During the course of more than three years as Texas State Historian, it has been my great pleasure to participate in several events in the “Exploring Texas Workshop Series.” This workshop series is organized by the Texas State Historical Association, with the cooperation of the Region (4, in this case) Education Service Center. These conferences are designed to provide course content for fourth- and seventh-grade Texas history teachers. Each conference usually lasts for two days, and participants receive professional development credit. The credit certainly is earned, because an impressive lineup of presenters provide excellent programs which feature course content in their fields of expertise.
|Steve Cure and Charles Nugent|
There was a TSHA Texas history teacher conference in Houston last February, focusing on the twentieth century. I was invited to provide the opening program, and I talked about the extraordinary roles of Texas during the Second World War. For this November conference, the focus was on Texas in the nineteenth century. Again I was privileged to deliver the opening address. I was allotted 90 minutes, and I chose the topic: “The Leadership Roles of Sam Houston.”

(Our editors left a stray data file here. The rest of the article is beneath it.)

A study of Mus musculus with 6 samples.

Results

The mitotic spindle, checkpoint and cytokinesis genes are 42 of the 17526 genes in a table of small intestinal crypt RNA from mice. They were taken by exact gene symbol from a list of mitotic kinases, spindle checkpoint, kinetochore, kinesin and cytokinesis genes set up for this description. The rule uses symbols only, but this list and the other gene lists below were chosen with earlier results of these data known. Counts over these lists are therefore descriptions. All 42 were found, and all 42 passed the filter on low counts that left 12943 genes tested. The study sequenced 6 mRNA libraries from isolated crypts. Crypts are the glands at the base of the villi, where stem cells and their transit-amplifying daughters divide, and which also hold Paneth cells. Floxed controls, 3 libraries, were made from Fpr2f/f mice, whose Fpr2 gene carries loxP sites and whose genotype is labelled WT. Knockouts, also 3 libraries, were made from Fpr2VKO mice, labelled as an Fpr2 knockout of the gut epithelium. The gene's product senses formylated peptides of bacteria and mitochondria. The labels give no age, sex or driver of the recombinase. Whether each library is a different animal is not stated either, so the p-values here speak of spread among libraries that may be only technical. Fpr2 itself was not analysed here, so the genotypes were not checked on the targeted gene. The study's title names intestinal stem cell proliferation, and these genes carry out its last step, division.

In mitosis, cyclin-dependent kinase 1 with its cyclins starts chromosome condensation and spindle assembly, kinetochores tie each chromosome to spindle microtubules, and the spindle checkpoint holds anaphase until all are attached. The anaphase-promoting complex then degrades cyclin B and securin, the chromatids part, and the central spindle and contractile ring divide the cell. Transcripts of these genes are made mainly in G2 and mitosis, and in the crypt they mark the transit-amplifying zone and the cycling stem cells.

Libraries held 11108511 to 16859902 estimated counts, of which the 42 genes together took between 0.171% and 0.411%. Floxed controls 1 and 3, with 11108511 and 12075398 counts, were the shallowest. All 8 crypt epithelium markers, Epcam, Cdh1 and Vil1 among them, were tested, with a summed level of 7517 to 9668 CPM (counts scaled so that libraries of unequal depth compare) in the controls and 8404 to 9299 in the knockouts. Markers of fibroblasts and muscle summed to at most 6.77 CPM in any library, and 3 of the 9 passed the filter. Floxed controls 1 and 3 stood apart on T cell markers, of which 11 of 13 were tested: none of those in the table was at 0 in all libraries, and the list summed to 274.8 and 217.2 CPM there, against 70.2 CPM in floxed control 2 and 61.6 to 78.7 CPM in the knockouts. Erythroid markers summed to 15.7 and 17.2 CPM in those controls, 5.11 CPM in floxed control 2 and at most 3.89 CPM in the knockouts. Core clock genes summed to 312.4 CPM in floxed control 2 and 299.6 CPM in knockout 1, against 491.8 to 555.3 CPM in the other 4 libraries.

|Teachers assemble just before my presentation.|
I lectured about Sam Houston for more than three decades in my Texas history classes at Panola College. I’ve traveled to the sites of his life. I’ve written a book, Sam Houston: A Study in Leadership, that will be released early next spring. I’ve delivered numerous programs about Houston or, to various ladies’ groups, his wife Margaret. These programs have generally filled 30- to 45-minute time slots, but at the Region 4 Teacher Conference I was allotted 90 minutes, and I had no problem finding enough to say about Sam Houston. At the end of the session many of the teachers offered kind comments, including several to the effect that they had learned things that would be worked into their classrooms. I could receive no higher compliment.